Archive for May, 2007

Don’t Rename that MSI

The installer for the Apollo alpha release was made available, for Windows, as an MSI file. MSI files are the native format of the Windows Installer service. They’re essentially a single-file database containing the data required to install (and uninstall) an application.

It turns out that offering your installer download as an MSI file isn’t a terribly good idea. Unfortunately, we didn’t discover this until it was too late for the alpha release.

The first half of the problem arises because Windows Installer remembers the name of an MSI file when an application is installed, and it requires that subsequent installations of the same product use the same file name. (Windows Installer considers two products to be the “same” if the MSI file for both contain the same product GUID.)

The second half of the problem is your browser, which likely has a habit of renaming files that you download. For example, if you download the same file twice, it might helpfully append “(2)” to your second download to avoid overwriting the first.

Taken together, these two behaviors can make it surprisingly likely that you try to install the same product twice from MSI files with different names. If you trace the behavior of Windows Installer when attempting to open the second MSI file, you’ll find that it starts by correctly opening the second file, regardless of its name. Later, however, it will try to re-open that file using the original name.

This behavior doesn’t seem to be well documented, although I have found a reference in this Windows Installer Team Blog entry–look for Rule #14. I’m hard-pressed to argue that it’s not a bug, but maybe there’s a good reason for it that I just haven’t thought of yet.

Unfortunately, all of this can make Apollo’s installation experience look lousy. For example, see this blog about installing Apollo.

We’ve addressed all of this in the upcoming beta release by making the installer download for Windows an executable. It still contains an embedded MSI file and uses Windows Installer, but no one–not you, and not your browser–has the chance to give that MSI file the wrong name. Plus, it’s now got a nifty UI!

AssocQueryString and the Unknown Association

Most Apollo development for Windows is still being done on Windows XP, but we’re testing against at least some of the versions of Windows Vista.

On Windows XP, we’ve been using AssocQueryString to find the application associated with a particular file extension. (AssocQueryString is a utility function in the Shell that retrieves information about file types.) This broke on Vista, where the call was returning an answer even if no application was associated with the file extension.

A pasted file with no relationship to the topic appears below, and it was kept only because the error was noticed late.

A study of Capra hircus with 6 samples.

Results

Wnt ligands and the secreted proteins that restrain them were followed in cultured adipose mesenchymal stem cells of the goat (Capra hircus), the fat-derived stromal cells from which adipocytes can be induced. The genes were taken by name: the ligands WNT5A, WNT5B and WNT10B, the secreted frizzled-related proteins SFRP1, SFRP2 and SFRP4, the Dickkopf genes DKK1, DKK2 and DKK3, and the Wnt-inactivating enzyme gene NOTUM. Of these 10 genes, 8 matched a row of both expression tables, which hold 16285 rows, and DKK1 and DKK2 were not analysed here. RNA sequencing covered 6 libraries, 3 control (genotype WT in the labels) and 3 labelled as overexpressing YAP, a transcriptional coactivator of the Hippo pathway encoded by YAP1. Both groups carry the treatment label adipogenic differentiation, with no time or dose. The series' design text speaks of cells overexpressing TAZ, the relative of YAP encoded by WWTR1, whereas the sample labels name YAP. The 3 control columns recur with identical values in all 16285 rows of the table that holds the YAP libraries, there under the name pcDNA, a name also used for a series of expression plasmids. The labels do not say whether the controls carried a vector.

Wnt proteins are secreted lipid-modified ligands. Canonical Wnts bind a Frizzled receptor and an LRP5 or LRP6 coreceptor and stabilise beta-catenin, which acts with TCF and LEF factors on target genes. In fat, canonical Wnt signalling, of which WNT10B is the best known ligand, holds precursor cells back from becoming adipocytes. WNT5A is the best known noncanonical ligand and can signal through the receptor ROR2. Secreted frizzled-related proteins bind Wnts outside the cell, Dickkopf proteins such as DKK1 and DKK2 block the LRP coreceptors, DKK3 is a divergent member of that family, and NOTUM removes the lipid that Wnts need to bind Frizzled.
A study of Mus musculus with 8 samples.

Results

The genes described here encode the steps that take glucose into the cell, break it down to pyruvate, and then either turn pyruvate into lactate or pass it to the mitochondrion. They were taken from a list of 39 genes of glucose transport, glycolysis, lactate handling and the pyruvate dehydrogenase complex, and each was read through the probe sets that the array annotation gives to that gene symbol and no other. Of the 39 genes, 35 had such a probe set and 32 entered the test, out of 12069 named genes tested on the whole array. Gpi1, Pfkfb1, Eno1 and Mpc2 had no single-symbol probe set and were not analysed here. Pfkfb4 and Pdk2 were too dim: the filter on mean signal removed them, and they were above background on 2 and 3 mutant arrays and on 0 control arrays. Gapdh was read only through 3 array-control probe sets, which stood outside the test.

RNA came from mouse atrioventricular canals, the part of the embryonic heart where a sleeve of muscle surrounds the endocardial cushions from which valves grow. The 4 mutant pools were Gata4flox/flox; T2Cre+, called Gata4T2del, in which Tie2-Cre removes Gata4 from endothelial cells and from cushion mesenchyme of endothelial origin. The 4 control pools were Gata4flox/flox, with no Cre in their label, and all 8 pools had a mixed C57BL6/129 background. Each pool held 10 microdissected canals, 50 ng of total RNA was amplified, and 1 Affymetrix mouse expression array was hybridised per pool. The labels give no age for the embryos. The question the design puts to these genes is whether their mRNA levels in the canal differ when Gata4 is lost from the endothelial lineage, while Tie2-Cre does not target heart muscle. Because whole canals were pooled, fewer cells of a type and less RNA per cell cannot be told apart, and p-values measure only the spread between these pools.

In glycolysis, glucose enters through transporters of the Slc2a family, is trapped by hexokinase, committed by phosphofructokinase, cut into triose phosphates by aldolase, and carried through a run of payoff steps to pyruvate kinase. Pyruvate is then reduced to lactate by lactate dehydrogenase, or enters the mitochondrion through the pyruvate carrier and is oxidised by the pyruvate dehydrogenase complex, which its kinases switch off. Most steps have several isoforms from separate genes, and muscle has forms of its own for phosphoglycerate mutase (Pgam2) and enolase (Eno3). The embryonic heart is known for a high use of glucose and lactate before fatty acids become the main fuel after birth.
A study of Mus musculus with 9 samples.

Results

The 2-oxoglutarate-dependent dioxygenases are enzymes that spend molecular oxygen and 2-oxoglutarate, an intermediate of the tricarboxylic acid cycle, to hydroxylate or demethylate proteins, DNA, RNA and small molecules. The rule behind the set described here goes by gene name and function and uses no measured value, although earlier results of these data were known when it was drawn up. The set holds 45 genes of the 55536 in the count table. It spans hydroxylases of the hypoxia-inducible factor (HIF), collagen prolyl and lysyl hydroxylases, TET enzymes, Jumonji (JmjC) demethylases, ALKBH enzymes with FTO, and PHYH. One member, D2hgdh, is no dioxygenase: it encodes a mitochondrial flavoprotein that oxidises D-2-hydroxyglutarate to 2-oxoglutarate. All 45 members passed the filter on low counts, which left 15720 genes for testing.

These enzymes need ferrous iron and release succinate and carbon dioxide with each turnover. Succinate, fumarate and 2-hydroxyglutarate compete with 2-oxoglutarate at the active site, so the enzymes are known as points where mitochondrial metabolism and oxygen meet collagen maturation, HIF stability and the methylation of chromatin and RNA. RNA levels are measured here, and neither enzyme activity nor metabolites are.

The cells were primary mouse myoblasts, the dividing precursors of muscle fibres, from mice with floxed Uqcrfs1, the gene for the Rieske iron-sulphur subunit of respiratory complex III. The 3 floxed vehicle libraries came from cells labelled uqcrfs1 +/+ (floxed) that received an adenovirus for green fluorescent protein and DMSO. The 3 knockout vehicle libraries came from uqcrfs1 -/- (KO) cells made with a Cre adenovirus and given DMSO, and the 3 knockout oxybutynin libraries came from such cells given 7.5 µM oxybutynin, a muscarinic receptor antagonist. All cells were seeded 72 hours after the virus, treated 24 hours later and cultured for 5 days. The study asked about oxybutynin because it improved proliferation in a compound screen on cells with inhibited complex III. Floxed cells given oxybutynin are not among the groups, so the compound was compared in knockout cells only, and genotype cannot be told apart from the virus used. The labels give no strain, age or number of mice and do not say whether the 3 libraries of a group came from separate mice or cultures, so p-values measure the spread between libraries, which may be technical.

The solution is to add ASSOCF_IGNOREUNKNOWN to the flags parameter. Otherwise, on Vista, if a file type is not registered it may return you information about the “Unknown” application instead of just fessing up and admitting nothing is registered. Again, this is a change from XP, which would admit the truth without this flag.

One more thing: Although ASSOCF_IGNOREUNKNOWN is defined in the Platform SDK documentation, it may not be defined in older versions of the Windows headers. Actual value: 0x400.

Java is the New C

Fifteen years ago if you had to whip up some industrial strength tools from scratch there’s a good chance you’d have chosen C as your language. These days, there’s a much better chance you’d choose Java.

You can see this effect in the tooling for Flash and Apollo. Flash and Apollo are themselves both written in C++ and ActionScript. To create an ActionScript 3 application, however, you can’t avoid going through Java. Here are four examples:

  1. You’ll be writing some ActionScript 3 code. That’s compiled to bytecode using a compiler written in–Java.
  2. You might be using Flex. The Flex compilers (mxmlc and compc) are also Java wrappers around the underlying ActionScript 3 compiler. There are even Ant tasks for Flex on Adobe Labs.
  3. If you use the Flex Builder IDE, you’ll note it’s a Java application written on the Eclipse platform. (You even have the option of installing it as a plugin to an existing Eclipse install–some Apollo engineers run it this way.)
  4. If you’re creating an Apollo application then you need to package it in an AIR file for delivery. Packaging is done via “adt”, a little tool written in–yes, Java.

No doubt there’s more than one reason for this, and the simple fact that Java is now often the teaching language for first-year computer science courses may account for a lot of it. But I also think it’s got a lot to do with the fact that Java is a surprisingly good systems programming language–which is exactly what C was designed to be.

Java may not have thrived in its intended markets, but it has found a niche in a lot of developer’s toolboxes.